United Nations, (IANS/RIA Novosti) Russia and China Thursday vetoed a Western-backed UN resolution on Syria over fears that it could lead to foreign military intervention in the violence-wracked Middle East country.
“We offered flexibility on Russia and China’s concerns, but still they refused to engage,” said Britain’s UN envoy Mark Lyall Grant after the vote.
“They have chosen to put their national interests ahead of the lives of millions of Syrians,” he said.
Lyall Grant also said the failure to approve the resolution would lead to “all-out civil war”.
Russia’s UN envoy Vitaly Churkov called the comments “unacceptable”.
“We have missed yet another critical opportunity to work together,” said US envoy Susan Rice. “We, and especially the people of Syria, cannot afford to miss any more.”
Rice said the conflict in Syria could result in a “proxy war that will engulf the region”.
The resolution was drawn up by Britain and threatens non-military sanctions against President Bashar Al Assad’s regime if it fails to withdraw heavy weapons and troops from urban areas within 10 days.
The resolution is also tied to Chapter 7 of the UN Charter, which provides for the use of force to put an end to the rapidly escalating conflict.
It received 11 votes in favour, with two abstentions.
The 15-strong Security Council now has time until midnight Friday to come to an agreement on the extension of the UN monitoring mission in Syria. Russia had earlier circulated a rival resolution that proposed extending the mission by 90 days, but contained no mention of sanctions.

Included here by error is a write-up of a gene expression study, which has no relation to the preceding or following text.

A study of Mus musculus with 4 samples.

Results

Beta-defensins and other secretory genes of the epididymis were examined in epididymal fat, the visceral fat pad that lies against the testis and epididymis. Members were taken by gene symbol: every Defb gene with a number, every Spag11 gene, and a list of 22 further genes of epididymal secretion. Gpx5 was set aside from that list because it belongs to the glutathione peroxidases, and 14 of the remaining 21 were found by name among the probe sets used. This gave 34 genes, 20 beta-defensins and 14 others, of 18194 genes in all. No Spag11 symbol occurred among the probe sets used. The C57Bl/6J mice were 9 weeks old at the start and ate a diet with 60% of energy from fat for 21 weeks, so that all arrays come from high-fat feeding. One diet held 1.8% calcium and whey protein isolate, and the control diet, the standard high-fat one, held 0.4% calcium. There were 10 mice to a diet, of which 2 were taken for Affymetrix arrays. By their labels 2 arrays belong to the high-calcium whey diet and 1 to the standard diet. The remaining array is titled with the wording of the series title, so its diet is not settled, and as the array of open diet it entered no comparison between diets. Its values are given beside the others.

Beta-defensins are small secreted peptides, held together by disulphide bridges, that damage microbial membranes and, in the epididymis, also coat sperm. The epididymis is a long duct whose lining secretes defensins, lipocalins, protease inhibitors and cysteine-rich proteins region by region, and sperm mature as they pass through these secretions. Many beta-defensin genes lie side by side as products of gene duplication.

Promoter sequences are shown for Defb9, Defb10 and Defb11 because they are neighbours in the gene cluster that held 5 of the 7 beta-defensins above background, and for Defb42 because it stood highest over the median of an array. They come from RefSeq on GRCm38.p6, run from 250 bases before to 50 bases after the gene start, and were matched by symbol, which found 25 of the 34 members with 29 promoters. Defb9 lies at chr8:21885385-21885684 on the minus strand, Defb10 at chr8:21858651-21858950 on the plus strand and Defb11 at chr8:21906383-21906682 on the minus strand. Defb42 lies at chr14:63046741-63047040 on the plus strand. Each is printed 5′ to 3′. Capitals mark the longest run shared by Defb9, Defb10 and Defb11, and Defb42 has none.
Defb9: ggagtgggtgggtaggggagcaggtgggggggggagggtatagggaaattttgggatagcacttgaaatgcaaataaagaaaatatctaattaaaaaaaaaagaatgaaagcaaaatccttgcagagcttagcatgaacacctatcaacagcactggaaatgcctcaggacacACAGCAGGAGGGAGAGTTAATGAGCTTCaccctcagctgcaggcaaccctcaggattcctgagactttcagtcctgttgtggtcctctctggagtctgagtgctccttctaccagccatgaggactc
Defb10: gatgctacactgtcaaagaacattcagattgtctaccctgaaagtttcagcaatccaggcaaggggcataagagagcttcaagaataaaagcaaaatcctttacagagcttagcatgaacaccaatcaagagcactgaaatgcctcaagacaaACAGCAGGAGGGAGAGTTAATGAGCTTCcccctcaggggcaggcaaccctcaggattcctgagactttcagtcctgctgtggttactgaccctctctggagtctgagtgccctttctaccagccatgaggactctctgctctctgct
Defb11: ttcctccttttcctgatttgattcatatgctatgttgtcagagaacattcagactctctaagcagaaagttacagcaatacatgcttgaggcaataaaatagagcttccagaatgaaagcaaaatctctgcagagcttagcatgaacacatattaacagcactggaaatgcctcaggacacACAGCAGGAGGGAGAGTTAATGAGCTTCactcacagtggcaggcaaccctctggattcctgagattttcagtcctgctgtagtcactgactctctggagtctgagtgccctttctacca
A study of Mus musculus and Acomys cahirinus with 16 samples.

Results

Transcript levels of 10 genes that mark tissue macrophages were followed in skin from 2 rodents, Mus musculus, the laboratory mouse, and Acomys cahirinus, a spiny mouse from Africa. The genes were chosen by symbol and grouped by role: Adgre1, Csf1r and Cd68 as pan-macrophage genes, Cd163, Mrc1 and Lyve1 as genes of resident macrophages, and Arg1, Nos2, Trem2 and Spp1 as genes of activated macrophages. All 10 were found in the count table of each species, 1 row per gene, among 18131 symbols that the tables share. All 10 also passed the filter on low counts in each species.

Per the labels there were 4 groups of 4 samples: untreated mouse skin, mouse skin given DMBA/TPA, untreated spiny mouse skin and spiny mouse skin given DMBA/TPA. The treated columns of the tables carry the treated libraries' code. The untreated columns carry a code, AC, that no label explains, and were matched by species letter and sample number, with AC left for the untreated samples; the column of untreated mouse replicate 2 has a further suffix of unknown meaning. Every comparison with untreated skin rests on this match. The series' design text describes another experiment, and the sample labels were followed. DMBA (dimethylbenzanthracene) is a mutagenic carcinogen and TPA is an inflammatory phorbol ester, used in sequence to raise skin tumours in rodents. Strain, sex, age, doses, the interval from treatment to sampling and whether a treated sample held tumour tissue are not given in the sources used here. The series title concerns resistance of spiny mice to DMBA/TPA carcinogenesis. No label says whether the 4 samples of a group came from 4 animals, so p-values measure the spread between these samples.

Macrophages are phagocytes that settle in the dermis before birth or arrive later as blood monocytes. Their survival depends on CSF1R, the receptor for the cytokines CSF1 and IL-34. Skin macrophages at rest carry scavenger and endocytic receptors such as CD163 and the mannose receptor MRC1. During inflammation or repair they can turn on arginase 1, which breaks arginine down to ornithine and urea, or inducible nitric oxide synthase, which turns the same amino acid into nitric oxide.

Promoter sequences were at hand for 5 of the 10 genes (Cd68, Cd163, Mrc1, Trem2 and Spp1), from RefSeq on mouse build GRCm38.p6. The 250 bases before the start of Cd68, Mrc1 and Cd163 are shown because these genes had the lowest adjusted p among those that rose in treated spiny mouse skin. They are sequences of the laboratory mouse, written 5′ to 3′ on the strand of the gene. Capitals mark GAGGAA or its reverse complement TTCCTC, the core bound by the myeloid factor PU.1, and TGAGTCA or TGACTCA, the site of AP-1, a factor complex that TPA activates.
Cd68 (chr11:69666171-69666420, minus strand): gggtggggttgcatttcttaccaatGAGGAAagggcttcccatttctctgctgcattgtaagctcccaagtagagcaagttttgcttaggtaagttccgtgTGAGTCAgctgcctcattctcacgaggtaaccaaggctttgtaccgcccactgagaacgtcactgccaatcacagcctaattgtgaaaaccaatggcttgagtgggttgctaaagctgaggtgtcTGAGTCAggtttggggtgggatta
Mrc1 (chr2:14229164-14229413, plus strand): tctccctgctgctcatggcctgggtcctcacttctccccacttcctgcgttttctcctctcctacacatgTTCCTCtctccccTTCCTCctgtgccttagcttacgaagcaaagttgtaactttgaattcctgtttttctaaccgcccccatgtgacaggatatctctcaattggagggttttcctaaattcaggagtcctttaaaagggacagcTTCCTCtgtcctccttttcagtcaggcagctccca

Churkov said Thursday that Western countries had refused to work with Russia on the resolution and that Moscow would not put it to a Security Council vote.
This was the third time Russia and China vetoed a UN resolution on Syria.
Russian President Vladimir Putin vowed earlier this year not to allow in Syria a repeat of the “Libya scenario”, which saw the ouster and killing of long-time Libyan leader Muammar Gaddafi after a NATO military campaign.
Russia said Wednesday after a suicide bombing in Damascus killed the Syrian defence minister that the adoption of the West’s resolution would be “direct support” for rebel forces, who say they have launched the final battle for control of the capital.
Fighting raged in Damascus for a fifth day Thursday, as rumours circulated that Assad and his family had left the country. But Syrian state television aired footage Thursday afternoon of Assad swearing in the country’s new defence minister.
The UN, quoting Syrian rights activists, says around 16,000 people have died in Syria since the start of the revolt in March 2011.
Fyodor Lukyanov, a Moscow-based analyst and editor-in-chief of the Russia in Global Affairs journal, said before the vote that a failure to pass the resolution could see the open arming of rebel forces.
“If there is no compromise, there will be no more resolutions, and the West, along with leading Arab states, will begin to more actively and more openly support the opposition and hope that Assad will be toppled by force,” said Lukyanov.
“Certain countries might also recognize the (opposition) Syrian National Council as the legal government,” he said.